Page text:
Too Many Pipelines, Too Little Demand
Just two years ago, in response to booming domestic demand and insufficient pipeline capacity to move the oil to market, pipeline operators began building more pipelines in the prolific Permian Basin of Texas and New Mexico, capable of transporting up to seven mbd of fracked shale oil. Today, in the wake of the Covic pandemic and the corresponding precipitous drop in demand, the area has an abundance of pipelines — a welcome change for shale oil companies but one now squeezing pipeline operators’ profits.
“We are going to need significant consolidation in the midstream space overall, and particularly in these basins where the oversupply is as dramatic as it is,” Tyler Rosenlicht, a portfolio manager at investment firm Cohen & Steers Inc., said of the pipeline companies.
According to East Daley Capital Advisors, an energy data firm, oil fields often fluctuate between not having enough pipelines to move their crude to market and having too many. But the mismatch between pipeline space and oil output in the Permian is particularly extreme. As of September, large Permian conduits and local refineries could absorb roughly 7.3 million barrels of oil a day.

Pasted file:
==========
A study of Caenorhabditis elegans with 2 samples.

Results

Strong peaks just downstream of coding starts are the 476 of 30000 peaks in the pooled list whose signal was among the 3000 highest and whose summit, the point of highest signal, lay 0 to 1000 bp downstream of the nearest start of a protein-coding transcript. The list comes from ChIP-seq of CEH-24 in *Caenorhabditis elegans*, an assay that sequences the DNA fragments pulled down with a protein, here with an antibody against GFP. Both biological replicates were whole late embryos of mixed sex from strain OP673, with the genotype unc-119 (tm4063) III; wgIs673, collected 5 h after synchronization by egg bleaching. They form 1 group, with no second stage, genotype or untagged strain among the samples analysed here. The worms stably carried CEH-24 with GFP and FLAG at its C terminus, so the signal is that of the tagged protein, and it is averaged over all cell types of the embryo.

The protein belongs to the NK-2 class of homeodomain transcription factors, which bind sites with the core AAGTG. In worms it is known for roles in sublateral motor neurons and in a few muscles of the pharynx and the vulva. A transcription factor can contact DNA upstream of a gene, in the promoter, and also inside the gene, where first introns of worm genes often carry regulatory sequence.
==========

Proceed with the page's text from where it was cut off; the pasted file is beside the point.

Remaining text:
The Wall Street Journal reports that even without the detrimental effects of Covid 19 on the market there would likely have been too many pipelines, since producers already were beginning to slow production as investors pressured them to prioritize returns over growth.
Last year, pipeline firms Energy Transfer and Epic Midstream Holdings LP responded by lowering some of the rates they charge to ship oil, according to East Daley. Companies also have discussed reversing the direction oil flows on their pipes to send more oil to Gulf Coast export markets, or converting oil conduits to ones that carry natural gas or natural-gas liquids, according to people familiar with the matter.
Enterprise Products Partners, for example, has considered switching one of its Texas pipelines back to handling natural-gas liquids, after having converted it to crude early last year to satisfy the crush of Permian demand. A spokesman said Monday that the company had yet to decide whether to pursue the conversion.